French carmaker PSA to exit Iran over US sanction risk

French carmaker PSA to exit Iran over US sanction risk

PARIS-Agence France-Presse
French carmaker PSA to exit Iran over US sanction risk

French automaker PSA said on June 4 that it would pull out of two joint ventures to sell its cars in Iran to avoid the risk of U.S. sanctions after Washington withdrew from a key nuclear deal with Tehran.

“The group has begun to suspend its joint venture activities, in order to comply with U.S. law by August 6, 2018,” the maker of Peugeot and Citroen cars said in a statement.

European officials have vowed to try to shield their companies working in Iran from the reach of punishing U.S. sanctions that are set to come into effect by November.

But with U.S. President Donald Trump showing little inclination to spare EU companies, they must decide whether to continue to work in Iran if doing so puts their U.S. operations at risk of huge fines.

PSA, Europe’s second-biggest carmaker, signed deals with two Iranian automakers, Iran Khodro and Saipa, in 2016 after sanctions were lifted following the landmark 2015 accord aimed at prevent Tehran from developing nuclear weapons.

It was among several companies which rushed into Iran, hoping to meet pent-up demand in a country that had been squeezed by sanctions for years.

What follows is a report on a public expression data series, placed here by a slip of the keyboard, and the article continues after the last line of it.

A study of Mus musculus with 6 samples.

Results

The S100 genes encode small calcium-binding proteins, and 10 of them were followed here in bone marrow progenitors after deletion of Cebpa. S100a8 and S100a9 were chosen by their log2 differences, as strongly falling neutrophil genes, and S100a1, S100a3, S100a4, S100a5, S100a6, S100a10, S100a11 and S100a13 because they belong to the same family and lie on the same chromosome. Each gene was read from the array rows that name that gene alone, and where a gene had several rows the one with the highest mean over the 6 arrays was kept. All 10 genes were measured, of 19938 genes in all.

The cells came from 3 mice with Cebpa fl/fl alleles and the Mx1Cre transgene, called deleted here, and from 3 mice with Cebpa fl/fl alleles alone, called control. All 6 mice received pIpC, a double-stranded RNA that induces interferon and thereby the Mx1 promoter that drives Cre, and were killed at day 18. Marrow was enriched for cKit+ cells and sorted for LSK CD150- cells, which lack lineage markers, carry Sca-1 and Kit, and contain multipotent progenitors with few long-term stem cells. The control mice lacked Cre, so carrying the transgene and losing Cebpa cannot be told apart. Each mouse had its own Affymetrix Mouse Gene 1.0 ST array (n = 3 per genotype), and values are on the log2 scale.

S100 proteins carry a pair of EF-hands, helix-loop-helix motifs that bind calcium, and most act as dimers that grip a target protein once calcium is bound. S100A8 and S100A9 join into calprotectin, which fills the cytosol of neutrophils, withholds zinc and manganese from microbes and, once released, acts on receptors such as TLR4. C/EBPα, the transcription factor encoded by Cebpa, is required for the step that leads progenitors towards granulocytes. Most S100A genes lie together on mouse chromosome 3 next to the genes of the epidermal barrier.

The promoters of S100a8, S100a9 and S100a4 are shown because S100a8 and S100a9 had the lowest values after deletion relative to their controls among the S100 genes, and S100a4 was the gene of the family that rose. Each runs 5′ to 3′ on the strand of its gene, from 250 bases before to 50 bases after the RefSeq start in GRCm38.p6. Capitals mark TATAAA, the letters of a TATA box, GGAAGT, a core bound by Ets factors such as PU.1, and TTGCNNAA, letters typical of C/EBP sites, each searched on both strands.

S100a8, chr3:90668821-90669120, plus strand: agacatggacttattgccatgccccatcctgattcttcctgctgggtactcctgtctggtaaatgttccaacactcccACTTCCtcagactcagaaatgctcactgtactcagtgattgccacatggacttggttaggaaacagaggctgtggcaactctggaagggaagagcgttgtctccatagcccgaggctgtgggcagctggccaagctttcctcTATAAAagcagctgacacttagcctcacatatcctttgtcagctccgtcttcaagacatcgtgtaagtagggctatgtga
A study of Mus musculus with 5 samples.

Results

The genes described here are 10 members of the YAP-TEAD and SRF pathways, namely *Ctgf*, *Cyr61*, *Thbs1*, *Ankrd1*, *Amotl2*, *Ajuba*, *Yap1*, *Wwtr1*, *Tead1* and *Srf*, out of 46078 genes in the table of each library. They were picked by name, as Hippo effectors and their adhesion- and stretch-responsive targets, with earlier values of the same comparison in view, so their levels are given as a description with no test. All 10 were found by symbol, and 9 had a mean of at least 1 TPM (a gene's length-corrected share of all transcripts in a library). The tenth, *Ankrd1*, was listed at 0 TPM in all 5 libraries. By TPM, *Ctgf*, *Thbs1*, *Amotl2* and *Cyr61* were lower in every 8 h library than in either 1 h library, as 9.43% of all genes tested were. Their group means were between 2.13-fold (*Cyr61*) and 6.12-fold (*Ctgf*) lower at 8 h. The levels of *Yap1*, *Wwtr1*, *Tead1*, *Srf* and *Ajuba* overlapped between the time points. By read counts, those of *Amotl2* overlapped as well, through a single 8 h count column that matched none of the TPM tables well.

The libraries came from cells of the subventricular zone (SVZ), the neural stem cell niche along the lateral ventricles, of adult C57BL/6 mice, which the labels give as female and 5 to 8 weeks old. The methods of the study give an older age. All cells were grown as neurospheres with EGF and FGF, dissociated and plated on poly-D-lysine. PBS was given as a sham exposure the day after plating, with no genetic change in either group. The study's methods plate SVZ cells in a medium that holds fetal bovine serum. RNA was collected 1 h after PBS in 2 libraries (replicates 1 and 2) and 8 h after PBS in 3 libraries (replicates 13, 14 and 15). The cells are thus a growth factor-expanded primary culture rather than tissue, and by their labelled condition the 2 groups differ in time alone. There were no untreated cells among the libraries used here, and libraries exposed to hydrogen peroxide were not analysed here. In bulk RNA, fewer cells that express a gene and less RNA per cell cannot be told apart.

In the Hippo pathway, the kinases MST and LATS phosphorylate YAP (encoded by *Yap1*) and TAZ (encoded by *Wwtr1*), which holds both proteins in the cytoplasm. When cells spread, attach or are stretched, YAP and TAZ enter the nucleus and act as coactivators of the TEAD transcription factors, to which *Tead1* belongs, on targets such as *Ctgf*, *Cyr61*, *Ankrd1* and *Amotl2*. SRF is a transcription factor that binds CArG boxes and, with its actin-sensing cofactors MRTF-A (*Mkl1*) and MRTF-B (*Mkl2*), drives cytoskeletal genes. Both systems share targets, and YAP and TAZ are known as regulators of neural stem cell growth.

Last year PSA sold nearly 445,000 vehicles in Iran, making the country one of its biggest markets outside France.

Although it has been absent from the US market since 1991, the company said in January that it was hoping to launch a car-sharing service in one or two American cities.

But PSA, which also owns the Opel and Vauxhall brands, also noted that Iran sales still make up less than one percent of its total sales, and so exiting the country would not alter its financial guidance.

“With the support of the French government, the Groupe PSA is engaging with the U.S. authorities to consider a waiver,” it said.

Yet the CEO of French oil giant Total, who was hoping to launch a major natural gas project in Iran, said last week that the chances of winning exemptions to the U.S. sanctions were “very slim.”